I renewed my annual subscription for www.flatterfashion.co.uk this week! And what started as a defiant act in the face of being advised that I wouldn’t be able to find nice clothes if I lived flat, has lead me to having hundreds of new friends.
At one of my initial appointments my Breast Care Nurse (as well as giving me the above advice!) gave me a leaflet for a local support group for women who have had breast cancer; unfortunately they turned out to be a breast cancer reconstruction support group. I was never going to fit in there!
Whilst searching for advice on what it was like to live breast free in early 2015 I found an American based Facebook group called Flat & Fabulous; Straightup on Pinterest, and another lady on Twitter who were all rocking ‘Flat’. I joined the US Facebook group; however, even though we had all had breast surgery without reconstruction there were differences in both our health systems and our attitudes. But at least I knew that I wasn’t alone in my decision.
Roll on three months and I received a message from a lady letting me know that there was a group for ladies in the UK. That lady was Gilly, the founder of Flat Friends. And who else was in this group… The lady behind Straightup and the lady from Twitter! I was home.
Not to mention the Flat Friends response to Breast Cancer Now and Marks and Spencer’s ill-considered ‘Show Your Strap’ promotion.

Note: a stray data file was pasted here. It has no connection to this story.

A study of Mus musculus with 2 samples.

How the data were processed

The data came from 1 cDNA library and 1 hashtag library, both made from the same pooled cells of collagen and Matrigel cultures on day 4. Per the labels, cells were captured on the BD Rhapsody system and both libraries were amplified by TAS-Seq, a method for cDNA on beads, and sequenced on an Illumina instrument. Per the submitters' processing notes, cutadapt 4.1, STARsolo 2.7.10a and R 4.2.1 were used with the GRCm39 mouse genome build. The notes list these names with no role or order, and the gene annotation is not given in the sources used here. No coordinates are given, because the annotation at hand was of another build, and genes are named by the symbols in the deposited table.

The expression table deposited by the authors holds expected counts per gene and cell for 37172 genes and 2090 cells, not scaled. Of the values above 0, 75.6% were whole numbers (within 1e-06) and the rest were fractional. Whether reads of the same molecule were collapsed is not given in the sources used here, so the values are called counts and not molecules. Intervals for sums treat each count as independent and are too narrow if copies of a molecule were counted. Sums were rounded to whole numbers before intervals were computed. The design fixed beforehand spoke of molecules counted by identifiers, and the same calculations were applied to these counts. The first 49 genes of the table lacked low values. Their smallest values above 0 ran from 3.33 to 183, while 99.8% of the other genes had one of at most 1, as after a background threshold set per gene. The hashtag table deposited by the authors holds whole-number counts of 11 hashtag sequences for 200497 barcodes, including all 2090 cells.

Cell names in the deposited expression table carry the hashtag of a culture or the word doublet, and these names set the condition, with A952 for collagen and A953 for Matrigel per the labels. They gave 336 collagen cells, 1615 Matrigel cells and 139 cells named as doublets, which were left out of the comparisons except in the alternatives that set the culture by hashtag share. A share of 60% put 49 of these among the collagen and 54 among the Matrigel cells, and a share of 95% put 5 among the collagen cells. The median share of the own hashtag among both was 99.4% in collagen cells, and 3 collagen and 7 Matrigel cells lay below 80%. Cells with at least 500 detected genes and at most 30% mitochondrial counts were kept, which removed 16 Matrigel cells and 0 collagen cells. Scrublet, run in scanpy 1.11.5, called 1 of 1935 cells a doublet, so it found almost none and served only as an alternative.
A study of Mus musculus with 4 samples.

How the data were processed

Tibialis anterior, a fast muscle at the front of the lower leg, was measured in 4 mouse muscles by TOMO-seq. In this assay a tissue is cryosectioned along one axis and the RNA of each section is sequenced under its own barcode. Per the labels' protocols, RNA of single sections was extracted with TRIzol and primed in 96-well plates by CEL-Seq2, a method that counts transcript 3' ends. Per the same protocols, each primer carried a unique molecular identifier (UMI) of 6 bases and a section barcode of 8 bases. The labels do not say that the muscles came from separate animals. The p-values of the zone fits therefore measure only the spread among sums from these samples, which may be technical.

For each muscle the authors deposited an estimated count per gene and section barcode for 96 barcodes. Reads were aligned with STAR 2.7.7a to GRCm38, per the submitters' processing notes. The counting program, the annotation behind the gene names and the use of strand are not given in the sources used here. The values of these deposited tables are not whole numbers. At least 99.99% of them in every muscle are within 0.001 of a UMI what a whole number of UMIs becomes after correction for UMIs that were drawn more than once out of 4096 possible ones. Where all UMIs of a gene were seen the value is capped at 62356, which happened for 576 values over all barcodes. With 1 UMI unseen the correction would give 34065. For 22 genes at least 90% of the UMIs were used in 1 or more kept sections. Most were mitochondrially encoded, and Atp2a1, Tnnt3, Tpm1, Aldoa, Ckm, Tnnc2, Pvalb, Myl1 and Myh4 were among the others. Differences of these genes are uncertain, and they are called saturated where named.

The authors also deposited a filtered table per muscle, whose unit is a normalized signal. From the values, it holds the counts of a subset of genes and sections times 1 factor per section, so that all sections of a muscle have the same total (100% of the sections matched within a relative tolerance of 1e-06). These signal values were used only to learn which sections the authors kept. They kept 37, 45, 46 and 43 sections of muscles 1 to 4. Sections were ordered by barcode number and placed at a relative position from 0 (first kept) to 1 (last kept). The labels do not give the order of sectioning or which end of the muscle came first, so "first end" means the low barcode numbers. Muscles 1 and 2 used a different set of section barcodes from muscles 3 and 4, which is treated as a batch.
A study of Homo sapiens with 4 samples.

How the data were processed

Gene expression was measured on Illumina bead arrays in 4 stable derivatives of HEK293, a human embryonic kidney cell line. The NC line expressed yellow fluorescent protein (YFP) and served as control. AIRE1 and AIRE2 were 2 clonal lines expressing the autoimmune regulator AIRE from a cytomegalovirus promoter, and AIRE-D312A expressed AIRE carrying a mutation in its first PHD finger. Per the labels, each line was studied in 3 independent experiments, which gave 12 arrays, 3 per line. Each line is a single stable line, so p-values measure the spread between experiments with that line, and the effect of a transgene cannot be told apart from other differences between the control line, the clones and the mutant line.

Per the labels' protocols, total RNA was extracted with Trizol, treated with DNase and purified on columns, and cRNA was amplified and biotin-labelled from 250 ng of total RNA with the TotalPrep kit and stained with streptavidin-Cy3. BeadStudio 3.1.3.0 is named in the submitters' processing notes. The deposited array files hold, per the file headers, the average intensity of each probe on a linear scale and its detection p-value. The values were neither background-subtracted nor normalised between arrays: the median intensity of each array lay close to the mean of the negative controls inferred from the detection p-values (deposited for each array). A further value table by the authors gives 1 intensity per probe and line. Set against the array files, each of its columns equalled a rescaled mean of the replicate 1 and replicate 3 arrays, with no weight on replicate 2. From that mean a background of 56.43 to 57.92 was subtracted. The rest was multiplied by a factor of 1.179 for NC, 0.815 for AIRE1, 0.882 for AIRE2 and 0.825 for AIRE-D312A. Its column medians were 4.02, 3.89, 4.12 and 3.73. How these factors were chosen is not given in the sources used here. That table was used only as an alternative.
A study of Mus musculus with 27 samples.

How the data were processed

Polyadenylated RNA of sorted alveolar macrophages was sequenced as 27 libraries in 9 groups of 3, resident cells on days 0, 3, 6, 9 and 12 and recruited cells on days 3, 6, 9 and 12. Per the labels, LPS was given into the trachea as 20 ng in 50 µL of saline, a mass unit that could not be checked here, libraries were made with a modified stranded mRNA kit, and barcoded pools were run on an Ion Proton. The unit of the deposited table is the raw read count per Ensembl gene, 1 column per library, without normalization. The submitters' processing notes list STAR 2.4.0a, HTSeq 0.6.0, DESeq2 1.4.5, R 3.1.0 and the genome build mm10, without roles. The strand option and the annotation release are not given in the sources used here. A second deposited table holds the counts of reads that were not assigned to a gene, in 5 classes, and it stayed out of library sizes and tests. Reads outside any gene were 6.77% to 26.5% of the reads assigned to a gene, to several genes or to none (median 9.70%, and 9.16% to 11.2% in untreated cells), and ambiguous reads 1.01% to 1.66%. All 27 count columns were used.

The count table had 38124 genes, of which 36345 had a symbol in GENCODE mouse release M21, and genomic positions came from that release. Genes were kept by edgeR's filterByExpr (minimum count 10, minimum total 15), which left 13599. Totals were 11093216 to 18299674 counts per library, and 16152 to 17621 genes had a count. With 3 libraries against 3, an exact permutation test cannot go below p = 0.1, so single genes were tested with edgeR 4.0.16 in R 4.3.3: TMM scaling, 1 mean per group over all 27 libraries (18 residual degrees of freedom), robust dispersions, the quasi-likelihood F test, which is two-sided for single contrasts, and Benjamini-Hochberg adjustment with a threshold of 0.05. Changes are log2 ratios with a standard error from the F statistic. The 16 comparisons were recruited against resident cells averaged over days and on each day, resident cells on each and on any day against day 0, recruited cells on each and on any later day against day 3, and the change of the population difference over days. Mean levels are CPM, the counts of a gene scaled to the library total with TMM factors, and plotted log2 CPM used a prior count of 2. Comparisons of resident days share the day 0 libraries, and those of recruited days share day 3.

My identity is not defined by me having had breast cancer, but it is shaped by how I dealt with it. I was ill, I endured the treatment, I had my breasts removed and had nothing put in their place. And, it is this final element which lead me to my Flat Friends. Yes, I do class them as my friends despite having only met a handful of this 364-strong* group (*figure correct at time of writing!).
(Here I am at my first ever FFUK meet-up in December, my face ached from smiling by the end of the day!)
We are from all over the UK, different ages, different backgrounds, different life stages, different diagnoses and different reasons for not having reconstruction. Yet the physical attribute we all share has brought us together. Flat Friends is a sum of its parts.
What holds us together is our ability to empathise, to support and to celebrate. Gilly has created an amazing space for us to gather in – a virtual living room where we gather under a duvet when one of us needs a hug, or raise a glass to good news.
So here is to absent friends, thank you for giving this blog meaning and for always being in my pocket!